Leftists are well-versed in the politics of incrementalism. And nowhere has there been a greater effort to realize the fruits of such incrementalism than in the arena of immigration. Thus it is no accident that the Left has made every attempt to relegate the phrase “illegal alien” to the dust bin of history and replace it with “undocumented immigrant.” Such a change implies that being in the country illegally isn’t so much against the law as it is a mixup of paper work. Such calculated obfuscation begets political expediency on many fronts. One of the primary fronts is education. With respect to taxpayer-funded college for illegals–which now includes scholarships–the state of California provides a case in point of how a state gets from “here to there” over 25 years.
Beginning in 1985, in Leticia A. v. Board of Regents, the Alameda County Superior Court ruled that the Education Code disallowing “undocumented” students from establishing residence was unconstitutional. As a result, such students could then establish state residence for tuition purposes for both the University of California (UC) and California State University (CSU) systems.
Proponents of the decision subsequently formed the Leticia A. Network, comprised of teachers, counselors, students, parents and various rights activists for the purpose of publicizing the ruling and making sure it was followed. A few years later an employee named David Paul Bradford filed a lawsuit against the University of California, claiming he was forced to quit for failing to implement Leticia A. In 1990, Regents of California v. Superior Court (Bradford) established that all illegal alien students enrolling at UC after June of 1991 would be classified as non-residents. In 1992, the California Student Aid Commission followed Bradford and stopped awarding Cal Grants to those students. The UC policy was also adopted by California Community Colleges (CCCs) even though they weren’t mentioned in the Bradford ruling. In 1992 Bradford was extended to include CSU, which appealed the decision and lost. They began implementing it in 1995.
In 1994, California voters approved Proposition 187, also known as Save Our State (SOS) by a whopping 59-41 percent margin. The law barred illegal alien students from attending all public schools in California, from kindergarten through college. Judge Mariana Pfaelzer immediately blocked the law, noting that it might not be constitutional because it failed to provide due process or a hearing before individuals were denied benefits. Republican Gov. Pete Wilson, who was re-elected with 55 percent of vote, supported the measure. At the time the number of illegal alien children attending California public schools was estimated to be between 300,000 and 400,000, costing the state half of the $3 billion it spent on illegals in general out of a state budget of $40 billion.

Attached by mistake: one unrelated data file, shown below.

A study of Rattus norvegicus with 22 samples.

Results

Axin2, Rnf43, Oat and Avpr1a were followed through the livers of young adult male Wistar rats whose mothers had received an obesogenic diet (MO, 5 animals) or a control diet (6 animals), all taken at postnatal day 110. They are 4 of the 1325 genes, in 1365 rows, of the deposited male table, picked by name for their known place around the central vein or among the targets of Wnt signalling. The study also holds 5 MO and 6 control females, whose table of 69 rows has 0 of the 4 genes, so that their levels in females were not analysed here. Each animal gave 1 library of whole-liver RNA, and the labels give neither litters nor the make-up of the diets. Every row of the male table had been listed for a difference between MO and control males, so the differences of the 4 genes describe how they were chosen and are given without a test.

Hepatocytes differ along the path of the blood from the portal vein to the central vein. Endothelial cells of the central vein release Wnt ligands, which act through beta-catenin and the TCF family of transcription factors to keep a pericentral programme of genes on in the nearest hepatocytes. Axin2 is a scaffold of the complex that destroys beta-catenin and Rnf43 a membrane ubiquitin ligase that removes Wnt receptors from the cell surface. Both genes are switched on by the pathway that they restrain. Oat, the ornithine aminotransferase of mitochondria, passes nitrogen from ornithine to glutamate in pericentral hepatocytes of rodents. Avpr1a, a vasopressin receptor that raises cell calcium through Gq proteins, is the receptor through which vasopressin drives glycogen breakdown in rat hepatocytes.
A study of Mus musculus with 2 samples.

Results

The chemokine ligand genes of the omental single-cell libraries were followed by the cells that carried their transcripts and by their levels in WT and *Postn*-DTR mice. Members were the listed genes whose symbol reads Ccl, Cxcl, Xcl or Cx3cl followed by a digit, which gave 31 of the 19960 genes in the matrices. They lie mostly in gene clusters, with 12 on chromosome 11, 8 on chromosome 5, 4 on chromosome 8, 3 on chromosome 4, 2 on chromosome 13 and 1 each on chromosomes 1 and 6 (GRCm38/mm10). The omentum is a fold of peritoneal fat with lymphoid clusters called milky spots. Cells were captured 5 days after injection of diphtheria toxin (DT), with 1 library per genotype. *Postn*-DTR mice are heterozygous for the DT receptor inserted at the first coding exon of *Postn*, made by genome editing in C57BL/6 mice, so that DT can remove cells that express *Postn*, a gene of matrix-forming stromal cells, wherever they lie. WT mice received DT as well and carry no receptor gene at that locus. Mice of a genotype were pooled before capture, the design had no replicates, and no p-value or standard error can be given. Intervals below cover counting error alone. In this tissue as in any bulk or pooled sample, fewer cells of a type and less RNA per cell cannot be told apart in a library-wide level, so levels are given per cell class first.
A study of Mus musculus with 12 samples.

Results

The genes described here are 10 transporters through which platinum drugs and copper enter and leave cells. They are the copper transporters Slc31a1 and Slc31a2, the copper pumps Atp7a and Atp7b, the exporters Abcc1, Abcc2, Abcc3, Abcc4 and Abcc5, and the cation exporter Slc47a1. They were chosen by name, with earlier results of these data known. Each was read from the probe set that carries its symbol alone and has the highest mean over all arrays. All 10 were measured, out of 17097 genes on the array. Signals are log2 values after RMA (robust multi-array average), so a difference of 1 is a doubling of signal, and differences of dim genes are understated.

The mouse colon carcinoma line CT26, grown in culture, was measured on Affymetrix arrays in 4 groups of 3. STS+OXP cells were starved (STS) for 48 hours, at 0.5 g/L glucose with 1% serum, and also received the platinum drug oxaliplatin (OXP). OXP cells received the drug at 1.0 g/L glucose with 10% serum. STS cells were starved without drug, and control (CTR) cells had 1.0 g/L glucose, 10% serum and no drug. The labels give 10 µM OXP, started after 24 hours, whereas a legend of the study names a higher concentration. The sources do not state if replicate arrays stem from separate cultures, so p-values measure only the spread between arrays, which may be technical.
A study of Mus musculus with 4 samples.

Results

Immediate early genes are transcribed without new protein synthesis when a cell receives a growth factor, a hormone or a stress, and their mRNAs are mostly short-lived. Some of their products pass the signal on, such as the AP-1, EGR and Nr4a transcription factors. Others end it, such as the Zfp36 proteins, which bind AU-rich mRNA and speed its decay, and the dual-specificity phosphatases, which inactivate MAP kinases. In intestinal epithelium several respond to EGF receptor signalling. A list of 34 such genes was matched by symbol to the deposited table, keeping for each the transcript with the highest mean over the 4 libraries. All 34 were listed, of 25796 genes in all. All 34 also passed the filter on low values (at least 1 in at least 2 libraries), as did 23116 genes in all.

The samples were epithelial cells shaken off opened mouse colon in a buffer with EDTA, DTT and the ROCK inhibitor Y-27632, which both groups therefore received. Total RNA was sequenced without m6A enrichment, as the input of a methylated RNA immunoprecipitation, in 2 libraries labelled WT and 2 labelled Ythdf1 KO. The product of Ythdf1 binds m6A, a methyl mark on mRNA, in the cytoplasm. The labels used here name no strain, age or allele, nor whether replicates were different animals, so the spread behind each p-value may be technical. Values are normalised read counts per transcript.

In 1998, Pfaelzer issued her final ruling on Prop 187, gutting the law. In a now-familiar refrain she ruled that the regulation of illegal immigration is the federal government’s responsibility. Outgoing Gov. Pete Wilson vowed to appeal, but in 1999 incoming Democrat Gov. Gray Davis announced the state would drop it. In 2000, an attempt to overturn Bradford was then undertaken. AB 1197 would have eliminated non-resident tuition rates for all “long-term California residents…regardless of citizenship status.”
Davis vetoed the bill, noting that it violated the 1996 Illegal Immigration Reform and Immigrant Responsibility Act (IIRIRA), which specifically states that an “alien who is not lawfully present in the United States shall not be eligible on the basis of residence within a State (or a political subdivision) for any post-secondary education benefit unless a citizen or national of the United States is eligible for such a benefit (in no less an amount, duration, and scope) without regard to whether the citizen or national is such a resident.” When he vetoed it, Davis also noted that this expanded eligibility requirement would cost California $63.7 million.
It was Davis’s last attempt to show some backbone. Despite his veto, the California state legislature passed the bill again. Davis, whose plummeting popularity eventually led to his recall, bowed to the political pressure and signed AB 540, allowing anyone who attended three years of high school and graduated to be eligible for in-state tuition. Students also had to fill out an affidavit that said they would apply for residency as soon as possible.